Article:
The ex-Banyana Banyana skipper has a tough task of trying to stop the Brazilians running away with the championship again this season.
But she acknowledges that Downs have had to start from somewhere to become a formidable “force”, the level which her young side can reach in time.
"I think what they've done is they've journeyed so well. They also started somewhere. They did lose a couple of games, they did lose a couple of tournaments, they did lose a couple of trophies in order for learn and to get to where they are today. So, I don't think being compared to Mamelodi Sundowns should be something that scares me or my players. We are actually motivated because it means we are on the right path," Modiko said.
Part of Modiko’s mandate at UJ is to go one better than the previous season, a reputable fifth place finish, although Sundowns were 31 points ahead.
"You can't be talking Hollywoodbets and not mention Mamelodi Sundowns. Credit must go to them. They're a formidable force. They're a team that is well coached. They've got experience everywhere, from the technical team all the way to the last member of the club," she added.
She only took over at UJ last year having been an assistant to the legendary Ana Monate, and this means Modiko is still a relatively young coach.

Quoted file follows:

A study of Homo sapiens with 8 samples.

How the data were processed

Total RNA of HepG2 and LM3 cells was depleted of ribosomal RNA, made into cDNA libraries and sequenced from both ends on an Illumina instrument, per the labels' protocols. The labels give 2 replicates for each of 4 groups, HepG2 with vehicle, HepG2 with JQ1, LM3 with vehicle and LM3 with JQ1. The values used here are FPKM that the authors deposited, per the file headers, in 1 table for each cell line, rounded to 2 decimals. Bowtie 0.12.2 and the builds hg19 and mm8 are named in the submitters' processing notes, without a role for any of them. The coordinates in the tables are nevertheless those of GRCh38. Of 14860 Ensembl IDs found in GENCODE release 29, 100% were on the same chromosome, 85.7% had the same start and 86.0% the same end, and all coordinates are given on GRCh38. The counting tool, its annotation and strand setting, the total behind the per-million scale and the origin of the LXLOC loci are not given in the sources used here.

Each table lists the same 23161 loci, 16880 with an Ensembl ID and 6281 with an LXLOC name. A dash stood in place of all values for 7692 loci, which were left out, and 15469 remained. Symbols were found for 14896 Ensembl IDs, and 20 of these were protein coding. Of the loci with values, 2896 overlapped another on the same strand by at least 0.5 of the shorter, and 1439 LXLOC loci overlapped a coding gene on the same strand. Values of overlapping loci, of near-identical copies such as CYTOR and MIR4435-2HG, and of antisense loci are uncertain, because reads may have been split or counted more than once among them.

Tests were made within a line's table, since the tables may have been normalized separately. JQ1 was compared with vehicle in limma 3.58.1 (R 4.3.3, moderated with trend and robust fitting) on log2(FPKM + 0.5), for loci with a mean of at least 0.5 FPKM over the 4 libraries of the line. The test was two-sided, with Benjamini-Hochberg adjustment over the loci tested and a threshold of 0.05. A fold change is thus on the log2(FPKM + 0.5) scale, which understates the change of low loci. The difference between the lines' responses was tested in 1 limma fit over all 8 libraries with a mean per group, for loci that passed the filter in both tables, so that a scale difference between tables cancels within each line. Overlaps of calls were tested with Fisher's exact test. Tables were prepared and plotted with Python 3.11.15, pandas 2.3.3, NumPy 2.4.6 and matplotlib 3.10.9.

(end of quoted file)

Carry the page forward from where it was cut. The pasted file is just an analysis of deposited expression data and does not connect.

"I believe I'm still very young as a coach. But if I'm making a name for myself and if my name is mentioned alongside Mamelodi Sundowns, UWC then I think I'm on the right path," she said.
Modiko, whose side won their opening league fixture away to Durban Ladies, says she has her own key performance indicators in judging personal and collective growth.
"As I said processes and procedures are not the same for everyone. I don't even look at my progress and want to compare it with anyone else but I just look at how I can improve. Even with the players, I consistently tell them that you don't have to be looking outwards, you always need to be in competition with yourself," she concluded.